China-U.S. Trade Relations Lack Equity, USTR Portman Says

By Todd Bullock
Washington File Staff Writer

Washington - Despite three consecutive years of growing U.S. exports to China, the trade relationship between the two countries today “lacks equity, durability and balance” in the opportunities it provides, U.S. Trade Representative (USTR) Rob Portman says.

"This disparity is due in part to China's failure to honor certain commitments, including its failure to enforce intellectual property rights, its protection and support for certain domestic industries, and its refusal to fulfill certain market opening commitments," Portman said at a February 14 press conference where he released the results of a USTR review of U.S.-China trade relations.

The report, U.S.-China Trade Relations: Entering a New Phase of Greater Accountability and Enforcement, is the first comprehensive statement of U.S. trade policy toward China since China joined the World Trade Organization (WTO) in 2001.  It assesses U.S.-China trade ties following China's first four years of membership in the WTO and reflects input from private China experts, industry, Congress and U.S. government agencies.

"China has benefited from its access to the world economy," Portman said.  "But in order to sustain that growth, both economically and politically, China must play its part in addressing the global imbalances that have arisen during the past four years of rapid global growth."

According to trade figures released by the Commerce Department February 10, the U.S. trade deficit with China in 2005 was $201.6 billion.


Portman stressed the need to monitor China's adherence to international and bilateral trade obligations and "secure full implementation and compliance."

To this end, the report calls for the creation of a China Enforcement Task Force at USTR, to be headed by a chief counsel for China trade enforcement.

"Although unprecedented at USTR, I believe this kind of dedicated, country-specific enforcement team is needed to improve China's compliance with its obligations," Portman said.

The USTR also referred to the report's recommendation to expand U.S. negotiating capacity in China by stationing a U.S. trade negotiator in Beijing.

"This is a person who would be in constant communication with U.S. business and Chinese officials, and who would be in a position to strengthen trade enforcement and compliance efforts," Portman said.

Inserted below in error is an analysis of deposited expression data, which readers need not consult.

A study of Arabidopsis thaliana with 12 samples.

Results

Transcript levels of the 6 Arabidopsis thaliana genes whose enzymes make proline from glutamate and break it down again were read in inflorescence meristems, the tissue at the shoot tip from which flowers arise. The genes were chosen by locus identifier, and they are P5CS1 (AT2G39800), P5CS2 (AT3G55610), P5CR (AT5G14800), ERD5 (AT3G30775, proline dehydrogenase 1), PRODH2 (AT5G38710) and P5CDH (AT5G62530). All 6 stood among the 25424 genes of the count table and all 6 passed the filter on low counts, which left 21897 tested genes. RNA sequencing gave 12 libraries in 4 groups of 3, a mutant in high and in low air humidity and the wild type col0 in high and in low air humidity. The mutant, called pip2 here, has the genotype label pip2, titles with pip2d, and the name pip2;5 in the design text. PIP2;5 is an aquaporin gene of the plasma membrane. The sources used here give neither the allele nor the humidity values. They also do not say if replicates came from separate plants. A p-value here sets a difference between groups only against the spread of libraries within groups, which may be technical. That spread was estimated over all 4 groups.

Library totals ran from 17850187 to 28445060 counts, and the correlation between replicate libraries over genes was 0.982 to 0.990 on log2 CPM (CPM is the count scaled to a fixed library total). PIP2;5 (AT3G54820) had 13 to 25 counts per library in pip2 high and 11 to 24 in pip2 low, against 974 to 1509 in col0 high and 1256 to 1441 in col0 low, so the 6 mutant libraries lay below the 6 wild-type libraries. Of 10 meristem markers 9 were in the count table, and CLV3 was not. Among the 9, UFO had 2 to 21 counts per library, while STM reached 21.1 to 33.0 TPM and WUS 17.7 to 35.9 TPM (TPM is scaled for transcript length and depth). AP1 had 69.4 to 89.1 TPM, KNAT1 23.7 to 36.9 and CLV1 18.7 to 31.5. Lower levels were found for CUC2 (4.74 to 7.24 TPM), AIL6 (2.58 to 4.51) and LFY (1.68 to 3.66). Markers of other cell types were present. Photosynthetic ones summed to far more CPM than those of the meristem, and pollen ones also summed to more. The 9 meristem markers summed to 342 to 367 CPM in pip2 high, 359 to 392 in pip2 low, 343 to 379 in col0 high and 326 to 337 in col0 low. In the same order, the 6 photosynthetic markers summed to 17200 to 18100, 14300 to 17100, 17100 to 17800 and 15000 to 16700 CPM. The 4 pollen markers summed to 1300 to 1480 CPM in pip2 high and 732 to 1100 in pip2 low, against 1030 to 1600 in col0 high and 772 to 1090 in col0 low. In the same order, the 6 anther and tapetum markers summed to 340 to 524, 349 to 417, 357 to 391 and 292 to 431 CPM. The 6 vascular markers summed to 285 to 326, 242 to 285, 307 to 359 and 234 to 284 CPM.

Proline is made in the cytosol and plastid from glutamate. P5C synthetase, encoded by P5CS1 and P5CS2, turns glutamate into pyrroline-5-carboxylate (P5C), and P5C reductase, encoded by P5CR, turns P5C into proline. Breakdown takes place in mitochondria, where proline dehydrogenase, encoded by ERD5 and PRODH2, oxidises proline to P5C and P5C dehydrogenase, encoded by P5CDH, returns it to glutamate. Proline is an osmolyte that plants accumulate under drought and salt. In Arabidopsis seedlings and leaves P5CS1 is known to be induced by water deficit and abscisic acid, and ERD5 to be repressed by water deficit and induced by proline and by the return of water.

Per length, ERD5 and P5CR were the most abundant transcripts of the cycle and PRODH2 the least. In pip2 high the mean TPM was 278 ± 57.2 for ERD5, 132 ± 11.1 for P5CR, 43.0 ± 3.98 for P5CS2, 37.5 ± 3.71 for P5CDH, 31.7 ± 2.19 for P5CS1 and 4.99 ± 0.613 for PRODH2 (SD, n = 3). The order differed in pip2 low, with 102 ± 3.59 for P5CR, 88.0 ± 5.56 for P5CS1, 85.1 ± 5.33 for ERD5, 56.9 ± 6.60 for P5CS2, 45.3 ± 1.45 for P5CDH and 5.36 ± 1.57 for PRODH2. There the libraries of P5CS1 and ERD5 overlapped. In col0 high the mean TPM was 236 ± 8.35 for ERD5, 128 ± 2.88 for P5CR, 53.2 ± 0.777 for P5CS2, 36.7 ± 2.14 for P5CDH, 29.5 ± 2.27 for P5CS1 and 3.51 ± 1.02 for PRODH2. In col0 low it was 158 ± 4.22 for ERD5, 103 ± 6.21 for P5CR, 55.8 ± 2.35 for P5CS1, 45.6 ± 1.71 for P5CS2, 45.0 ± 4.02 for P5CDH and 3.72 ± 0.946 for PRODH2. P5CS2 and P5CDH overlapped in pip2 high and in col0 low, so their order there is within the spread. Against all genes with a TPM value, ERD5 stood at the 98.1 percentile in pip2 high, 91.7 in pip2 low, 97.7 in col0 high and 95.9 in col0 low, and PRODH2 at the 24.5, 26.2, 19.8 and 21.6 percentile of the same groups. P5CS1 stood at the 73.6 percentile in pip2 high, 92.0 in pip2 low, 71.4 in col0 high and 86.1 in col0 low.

The trade representative cited the need to work with China's government on the development of standards and an anti-monopoly law.  The United States also plans to increase efforts to promote regulatory reform in China through deepening high-level dialogue with China's economic planners, will broaden and intensify its assessment of Chinese subsidies and continue pressure on the Chinese government to comply with subsidy-related obligations under the WTO, he said.


The United States is working closely with other trading partners to address common concerns, according to the USTR.

Portman cited U.S. cooperation with Japan and Switzerland to seek evidence through the WTO regarding China's intellectual property rights enforcement as well as with the European Union regarding discriminatory tariffs China has imposed on auto parts.

"As a mature trading partner, China should be held accountable for its actions and required to live up to its responsibilities, including enforcing intellectual property rights, allowing market forces to drive economic development and opening its markets.   We will use all options available to meet this challenge," he said.

Portman urged China to "take on responsibilities commensurate with its economic heft and the benefits it currently derives from the global trade system," including playing a larger role in the Doha Round of trade negotiations and joining the WTO Government Procurement Agreement and the World Intellectual Property Organization Internet Treaties. (See Focus on Intellectual Property Rights:  A Short Guide to International IPR Treaties.)

The USTR also called for deeper trade relationships with other Asian countries.

"We must proactively engage economies like Singapore, Thailand,

Korea, India, Vietnam and Malaysia, as well as working with regional organizations like ASEAN [the Association for Southeast Asian Nations] and APEC [the Asia-Pacific Economic Cooperation forum], to help maintain a robust U.S. economic presence in this critical region," he said.

For additional information on U.S. policies, see The United States and China and Trade and Economics.

The full text of the report (PDF, 29 pages) and Portman's prepared remarks are available on the USTR Web site.